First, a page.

The Lumineers do more than defend their title as storytelling heavyweights in their third full-length album “III.” The album is told from the point of view of a multi-generational family whose lives ultimately intertwine. The Lumineers rely on the strong characterization of fictional people to take listeners on a journey through three different lifetimes. The band also created a short film to accompany each song while also splitting the album into three different chapters, one for each family member. The album and short film cover the addiction, mental illness and crime that plague the fictional Sparks family.
The first chapter begins with Gloria, the matriarch of the Sparks family. “Donna” is the first song featured on the album and delicately balances with a sound that begins as lullaby-like and slowly grows into a more aggressive piano-heavy song. The vocals are unrefined and gritty, which adds to the rawness of the song. The lyrics describe Gloria Sparks, the daughter of Donna with lines like “You love to judge strangers’ karma / We drove from New Jersey / The trucks always made you worry.” The characterization is so vivid that it allows listeners to get a sense of who each character is in a matter of just a few lines. The lyrics in “Donna” wonderfully set the stage for the songs that follow.
The next song off the album, “Life in the City,” continues to follow the life of Gloria Sparks and her adventures in New York City. She uses the city as a getaway and a place to escape being a mother to her son and a bored housewife. Musically, the track is full of build-up and breaks in music as if to show time passing. The upbeat sound is juxtaposed with the melancholic lyrics like, “And if the subways flood and bridges break / Will you just lay down and dig your grave? / Or will you rail against your dying day?” The lyrics describe Gloria’s demons as something that she cannot run away from no matter how far she gets away from home.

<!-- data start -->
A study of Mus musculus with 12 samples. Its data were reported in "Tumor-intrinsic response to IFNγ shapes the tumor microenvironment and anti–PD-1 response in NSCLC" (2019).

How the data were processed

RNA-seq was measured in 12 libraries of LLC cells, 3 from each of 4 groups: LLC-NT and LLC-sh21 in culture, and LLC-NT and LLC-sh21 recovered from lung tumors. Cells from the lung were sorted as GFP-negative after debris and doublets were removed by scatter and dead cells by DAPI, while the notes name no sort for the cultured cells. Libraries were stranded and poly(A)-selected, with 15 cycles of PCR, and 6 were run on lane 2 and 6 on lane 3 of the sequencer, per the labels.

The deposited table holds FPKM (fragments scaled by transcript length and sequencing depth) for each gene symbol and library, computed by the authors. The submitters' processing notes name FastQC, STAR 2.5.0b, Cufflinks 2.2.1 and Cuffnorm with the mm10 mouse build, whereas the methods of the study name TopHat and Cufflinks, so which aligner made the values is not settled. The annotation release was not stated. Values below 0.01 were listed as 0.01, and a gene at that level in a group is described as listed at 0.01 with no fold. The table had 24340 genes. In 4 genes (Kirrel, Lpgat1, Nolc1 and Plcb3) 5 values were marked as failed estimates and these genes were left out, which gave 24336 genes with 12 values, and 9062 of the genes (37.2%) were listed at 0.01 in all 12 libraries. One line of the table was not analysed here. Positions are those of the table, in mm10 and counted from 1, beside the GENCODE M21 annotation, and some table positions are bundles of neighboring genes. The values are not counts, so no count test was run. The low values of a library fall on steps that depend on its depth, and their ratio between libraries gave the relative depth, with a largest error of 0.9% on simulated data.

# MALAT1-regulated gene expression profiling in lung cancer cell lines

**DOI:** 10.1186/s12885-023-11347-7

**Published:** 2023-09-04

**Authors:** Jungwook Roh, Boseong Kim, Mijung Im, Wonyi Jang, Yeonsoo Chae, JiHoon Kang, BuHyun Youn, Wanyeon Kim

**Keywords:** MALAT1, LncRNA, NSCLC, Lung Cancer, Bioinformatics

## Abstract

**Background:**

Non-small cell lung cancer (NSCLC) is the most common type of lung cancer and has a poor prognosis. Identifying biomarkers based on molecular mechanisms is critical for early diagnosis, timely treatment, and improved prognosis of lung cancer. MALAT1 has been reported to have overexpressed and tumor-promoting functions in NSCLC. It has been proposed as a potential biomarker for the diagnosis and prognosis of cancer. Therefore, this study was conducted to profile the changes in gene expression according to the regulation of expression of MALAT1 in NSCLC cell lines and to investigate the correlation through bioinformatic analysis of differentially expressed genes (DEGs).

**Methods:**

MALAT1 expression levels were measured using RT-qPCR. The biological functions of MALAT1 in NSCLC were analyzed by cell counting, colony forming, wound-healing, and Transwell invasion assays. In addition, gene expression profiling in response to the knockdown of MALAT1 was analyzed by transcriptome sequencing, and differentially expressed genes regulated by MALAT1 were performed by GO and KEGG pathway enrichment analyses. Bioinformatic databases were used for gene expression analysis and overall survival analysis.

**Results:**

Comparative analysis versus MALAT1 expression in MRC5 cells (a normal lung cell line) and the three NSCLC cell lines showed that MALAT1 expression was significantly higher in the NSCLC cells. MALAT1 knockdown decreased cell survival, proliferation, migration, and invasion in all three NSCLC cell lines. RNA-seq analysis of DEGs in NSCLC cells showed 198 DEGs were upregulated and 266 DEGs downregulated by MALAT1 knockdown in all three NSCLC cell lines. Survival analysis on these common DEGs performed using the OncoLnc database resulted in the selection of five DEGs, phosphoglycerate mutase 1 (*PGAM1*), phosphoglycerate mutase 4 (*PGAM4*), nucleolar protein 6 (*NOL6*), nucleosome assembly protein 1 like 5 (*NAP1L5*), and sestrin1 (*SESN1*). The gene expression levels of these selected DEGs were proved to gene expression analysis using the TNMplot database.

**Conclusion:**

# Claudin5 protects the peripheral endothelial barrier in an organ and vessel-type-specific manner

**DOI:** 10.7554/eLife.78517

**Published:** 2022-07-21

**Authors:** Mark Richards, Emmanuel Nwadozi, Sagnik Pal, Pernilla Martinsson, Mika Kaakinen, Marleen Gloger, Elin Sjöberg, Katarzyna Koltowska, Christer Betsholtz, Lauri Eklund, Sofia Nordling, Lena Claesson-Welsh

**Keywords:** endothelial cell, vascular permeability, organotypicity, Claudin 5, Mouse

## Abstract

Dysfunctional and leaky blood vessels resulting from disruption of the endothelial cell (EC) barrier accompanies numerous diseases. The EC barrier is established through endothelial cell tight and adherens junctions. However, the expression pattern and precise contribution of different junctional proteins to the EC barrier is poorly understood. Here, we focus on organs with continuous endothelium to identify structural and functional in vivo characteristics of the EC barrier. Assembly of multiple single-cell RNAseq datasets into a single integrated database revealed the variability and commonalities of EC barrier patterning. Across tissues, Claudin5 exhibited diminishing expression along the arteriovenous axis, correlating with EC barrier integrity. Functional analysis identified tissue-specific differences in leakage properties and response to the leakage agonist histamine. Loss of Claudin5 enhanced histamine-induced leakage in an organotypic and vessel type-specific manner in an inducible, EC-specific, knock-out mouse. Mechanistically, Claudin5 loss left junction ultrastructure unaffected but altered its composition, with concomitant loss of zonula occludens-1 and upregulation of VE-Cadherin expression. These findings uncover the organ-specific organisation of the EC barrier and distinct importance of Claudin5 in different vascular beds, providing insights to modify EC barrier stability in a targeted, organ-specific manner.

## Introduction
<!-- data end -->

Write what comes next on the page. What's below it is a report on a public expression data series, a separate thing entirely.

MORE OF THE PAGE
“Gloria,” named after the protagonist battling alcoholism, has a carefree sound yet describes the detrimental impact her addiction has had on her loved ones. The first two lines of the song, “Gloria, I smell it on your breath / Gloria, booze and peppermint” emphasize her desperate attempts to mask her drunkenness.
The track has a grassroots and earthy vibe while also keeping up with the storytelling nature of the album as a whole. The repetition of “Gloria” at the beginning of questions directed at the protagonist shows the frequency of her destructive behavior and how often it gets in the way of her being a mother.
During the second part of the tracklist, the album jumps to the third generation and covers the destructive grandson of Gloria, Junior with the song “It Wasn’t Easy to Be Happy for You.” The song title doubles as the chorus and tells the story of Jimmy being left by his girlfriend for another man. His tale proves that his grandmother’s addiction and mental illness was passed down to other generations as well.
A standout track from third and final part of the album is “My Cell” which is told by the now-adult son of Gloria, Jimmy. The song is raw and simple. The vocals are strained, whispered and almost sound like the vocalist is holding back tears. The lyrics “My cell/ My pretty little cell” are echoed over and over again, creating the feeling that the song was recorded in an empty house. Jimmy reflects on his life, how he wound up all alone and the current state of his relationship with his son and ex-wife.
The Lumineers do not disappoint with “III” and find a way to captivate listeners through anecdotal lyrics and an authentic alternative-folk sound.